Capita share price: what to expect from 2018 results
Capita had a tough 2018 and, despite efforts to begin a turnaround, the company faces many headwinds. The technical picture is not encouraging either, with the share price still within easy distance of its record low.
When is Capita’s earnings date?
Capita is expected to report its earnings on 14 March, covering the year to 31 December 2018.
Capita’s results preview: what does the City expect?
Capita is expected to report earnings of 13.2p per share, down 52.5% over the year, while revenue is forecast to fall 5% to £3.9 billion. It has beaten estimates for earnings in five of the last eight updates, and beaten revenue in four of the last eight.
The great days of outsourcing appear to be long gone, but Capita is still an interesting company for investors, despite the more difficult outlook. Outsourcing is no longer the craze it once was though, and investors must look more closely at the firm and its potential. The firm has been ejected from the FTSE 100 as a result of the decline in its share price, and a glance at the headlines involving the company over the past year shows.
The year 2018 witnessed the collapse of Carillion and renewed government and investor focus on the firms in the outsourcing sector. Capita itself warned on profits in January 2018, just after the Carillion collapse, and then revealed in August that profits for the first half had fallen 60%. The end of the year was no better, as the firm was criticized for a blunder over cancer letters.
Changes in the firm’s management, a £700 million rights issue and a slow disposal of non-core assets will help to bolster the firm, while success in winning new business also provides hope that some of the worst is now behind it.
At 8.6 times forward earnings the shares are well below the five-year average of 12.6, suggesting that much of the bad news is arguably ‘in the price’, or at least that expectations are sufficiently low to provide a margin of safety in the near term.
How to trade Capita’s annual results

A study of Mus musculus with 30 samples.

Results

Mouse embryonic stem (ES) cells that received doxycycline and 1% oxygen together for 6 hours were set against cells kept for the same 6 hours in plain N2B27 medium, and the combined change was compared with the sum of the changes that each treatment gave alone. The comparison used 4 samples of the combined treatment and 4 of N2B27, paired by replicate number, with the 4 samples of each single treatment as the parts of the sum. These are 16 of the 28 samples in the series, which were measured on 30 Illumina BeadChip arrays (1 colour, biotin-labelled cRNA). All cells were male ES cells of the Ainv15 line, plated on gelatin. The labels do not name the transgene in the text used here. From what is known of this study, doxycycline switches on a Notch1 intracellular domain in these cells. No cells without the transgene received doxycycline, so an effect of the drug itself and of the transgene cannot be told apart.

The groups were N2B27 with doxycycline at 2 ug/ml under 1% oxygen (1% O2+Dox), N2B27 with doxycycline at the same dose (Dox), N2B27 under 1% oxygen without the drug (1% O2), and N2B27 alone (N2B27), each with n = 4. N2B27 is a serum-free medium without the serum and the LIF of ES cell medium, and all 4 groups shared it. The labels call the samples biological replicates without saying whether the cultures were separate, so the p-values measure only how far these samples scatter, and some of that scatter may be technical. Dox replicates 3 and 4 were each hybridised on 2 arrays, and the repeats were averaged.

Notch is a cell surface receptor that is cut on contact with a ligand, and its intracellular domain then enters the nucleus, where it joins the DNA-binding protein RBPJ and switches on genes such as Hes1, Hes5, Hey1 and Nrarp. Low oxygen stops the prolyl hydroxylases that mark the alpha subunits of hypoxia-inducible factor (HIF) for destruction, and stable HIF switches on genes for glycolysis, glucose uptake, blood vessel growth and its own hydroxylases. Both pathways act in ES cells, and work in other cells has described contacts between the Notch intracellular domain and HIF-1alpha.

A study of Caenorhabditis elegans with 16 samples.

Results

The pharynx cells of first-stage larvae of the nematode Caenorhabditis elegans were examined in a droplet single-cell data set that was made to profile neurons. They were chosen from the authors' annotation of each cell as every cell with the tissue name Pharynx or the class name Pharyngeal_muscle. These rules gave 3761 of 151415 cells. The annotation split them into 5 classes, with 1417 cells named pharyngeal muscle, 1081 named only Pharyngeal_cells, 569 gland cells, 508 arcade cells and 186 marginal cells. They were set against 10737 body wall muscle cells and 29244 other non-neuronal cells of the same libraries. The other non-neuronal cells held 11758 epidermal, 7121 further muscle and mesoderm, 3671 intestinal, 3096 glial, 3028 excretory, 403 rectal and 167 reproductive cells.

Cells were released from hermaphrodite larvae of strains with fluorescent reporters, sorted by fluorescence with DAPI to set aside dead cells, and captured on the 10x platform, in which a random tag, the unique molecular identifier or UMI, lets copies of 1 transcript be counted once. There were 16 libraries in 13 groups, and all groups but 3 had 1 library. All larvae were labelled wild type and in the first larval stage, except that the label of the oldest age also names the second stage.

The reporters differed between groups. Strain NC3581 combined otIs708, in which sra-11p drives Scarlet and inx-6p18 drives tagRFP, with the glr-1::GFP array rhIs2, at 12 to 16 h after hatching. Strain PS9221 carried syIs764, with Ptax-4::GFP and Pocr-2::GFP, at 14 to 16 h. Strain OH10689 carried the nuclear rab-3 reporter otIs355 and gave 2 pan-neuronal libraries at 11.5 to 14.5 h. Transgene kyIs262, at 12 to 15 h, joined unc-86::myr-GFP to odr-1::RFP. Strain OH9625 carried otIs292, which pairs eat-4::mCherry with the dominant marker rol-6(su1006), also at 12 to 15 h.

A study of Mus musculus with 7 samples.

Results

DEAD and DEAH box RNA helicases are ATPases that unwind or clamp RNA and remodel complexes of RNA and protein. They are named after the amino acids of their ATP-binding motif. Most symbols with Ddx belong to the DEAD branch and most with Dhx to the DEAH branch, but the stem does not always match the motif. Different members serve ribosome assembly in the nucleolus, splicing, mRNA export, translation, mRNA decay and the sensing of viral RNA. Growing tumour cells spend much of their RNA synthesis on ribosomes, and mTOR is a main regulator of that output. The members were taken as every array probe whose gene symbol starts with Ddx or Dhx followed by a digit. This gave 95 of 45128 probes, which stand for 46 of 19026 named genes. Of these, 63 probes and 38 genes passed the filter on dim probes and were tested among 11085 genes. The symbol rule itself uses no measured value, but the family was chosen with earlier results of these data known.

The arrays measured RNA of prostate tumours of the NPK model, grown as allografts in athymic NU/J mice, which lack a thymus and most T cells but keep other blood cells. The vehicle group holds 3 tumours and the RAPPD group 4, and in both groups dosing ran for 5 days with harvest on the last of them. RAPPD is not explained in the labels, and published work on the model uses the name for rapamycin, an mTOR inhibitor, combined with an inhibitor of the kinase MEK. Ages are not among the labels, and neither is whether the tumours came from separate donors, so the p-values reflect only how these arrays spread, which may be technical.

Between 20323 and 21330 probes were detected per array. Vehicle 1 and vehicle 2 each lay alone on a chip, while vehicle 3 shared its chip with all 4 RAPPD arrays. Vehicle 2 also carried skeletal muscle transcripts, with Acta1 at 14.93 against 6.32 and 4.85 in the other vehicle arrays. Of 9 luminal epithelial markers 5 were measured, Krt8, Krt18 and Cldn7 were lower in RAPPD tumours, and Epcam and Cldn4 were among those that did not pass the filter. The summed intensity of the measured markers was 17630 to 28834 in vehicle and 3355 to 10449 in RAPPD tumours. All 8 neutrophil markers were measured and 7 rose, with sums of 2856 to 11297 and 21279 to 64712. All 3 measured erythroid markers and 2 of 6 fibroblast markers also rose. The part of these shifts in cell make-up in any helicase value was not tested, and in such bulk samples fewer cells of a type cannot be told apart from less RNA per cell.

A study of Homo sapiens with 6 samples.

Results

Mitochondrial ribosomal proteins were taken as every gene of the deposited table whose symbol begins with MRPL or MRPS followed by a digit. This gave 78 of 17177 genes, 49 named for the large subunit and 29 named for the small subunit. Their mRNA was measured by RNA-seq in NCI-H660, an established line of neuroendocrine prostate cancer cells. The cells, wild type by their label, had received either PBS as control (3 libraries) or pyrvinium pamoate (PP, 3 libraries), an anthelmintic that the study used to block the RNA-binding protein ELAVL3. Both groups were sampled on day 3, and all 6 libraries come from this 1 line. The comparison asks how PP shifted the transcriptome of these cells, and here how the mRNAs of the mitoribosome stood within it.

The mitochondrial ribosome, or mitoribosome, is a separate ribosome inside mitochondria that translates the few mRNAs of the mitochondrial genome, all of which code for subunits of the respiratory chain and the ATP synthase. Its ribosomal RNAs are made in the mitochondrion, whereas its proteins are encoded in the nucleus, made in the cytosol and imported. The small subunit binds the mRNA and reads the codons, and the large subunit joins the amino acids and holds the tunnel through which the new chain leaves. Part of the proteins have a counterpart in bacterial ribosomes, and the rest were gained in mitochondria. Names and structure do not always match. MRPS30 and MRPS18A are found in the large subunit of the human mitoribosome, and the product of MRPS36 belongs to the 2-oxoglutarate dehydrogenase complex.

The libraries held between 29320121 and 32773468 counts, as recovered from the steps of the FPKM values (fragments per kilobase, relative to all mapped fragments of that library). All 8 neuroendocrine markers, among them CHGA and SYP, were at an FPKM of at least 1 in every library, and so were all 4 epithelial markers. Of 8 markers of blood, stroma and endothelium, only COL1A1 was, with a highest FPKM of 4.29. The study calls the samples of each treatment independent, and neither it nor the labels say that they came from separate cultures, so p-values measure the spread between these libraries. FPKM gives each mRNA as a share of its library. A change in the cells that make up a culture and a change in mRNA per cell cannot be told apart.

On average, the share price moves 6.2% on results day, but at present implied options pricing indicates that the shares will move 13.5%. Options pricing does not suggest which way the price will move, merely that it is expected to move by that percentage.
Broker ratings are fairly neutral at present, given that, of 16 brokers, eight have ‘buy’ ratings, but seven have ‘neutral’ ones, with one ‘sell’.
How has the Capita share price been performing?
Having traded at over £6.00 back in late 2017, the decline in Capita’s share price has been dramatic, and so far shows little sign of stopping. The decline had begun relatively steadily from summer 2017, but then gathered pace so that by the beginning of 2018 the shares were down almost 50%.
But this was just the prelude. In January the profit warning wiped almost another 50% from the share price, and, despite a rebound in April, which was followed by another gap down, taking another 70p off the price. A degree of sideways movement followed but new lows were seen in November and December, confirming the bearish trend.
Capita share price: technical analysis
A descending triangle formation remains in play here, as the price posts lower highs while holding above 100p after several tests of this level.
This formation is, however, a bearish one, and suggests that it could see 100p broken in due course as bearish momentum gathers pace.
It is certainly the case that the price has yet to make any kind of real push higher; the 26% rally from the December lows to the March high at 128p was impressive, but failed to alter the view that the sellers are still in control. Indeed, price action over the past few months resembles two boxes, with a tight range from November to the end of December, and then more sideways movement in the first two months of 2019.
Capita’s shares are still only a short distance away from all-time lows, around 100p, and unless the full year numbers provide a positive catalyst, new record lows seem likely.
Outsourcing is an industry in the midst of an upheaval, and Capita is not immune from this. Indeed, as perhaps the poster-boy of the sector it will have a hard time escaping its chequered past.
The turnaround is a long-term effort, and will take months before it starts to bear fruit, but it is a sign that the firm recognises the depth of the challenge. The shares trade at an undemanding valuation relative to the past few years, but arguably this is justified given the uncertain future for the sector.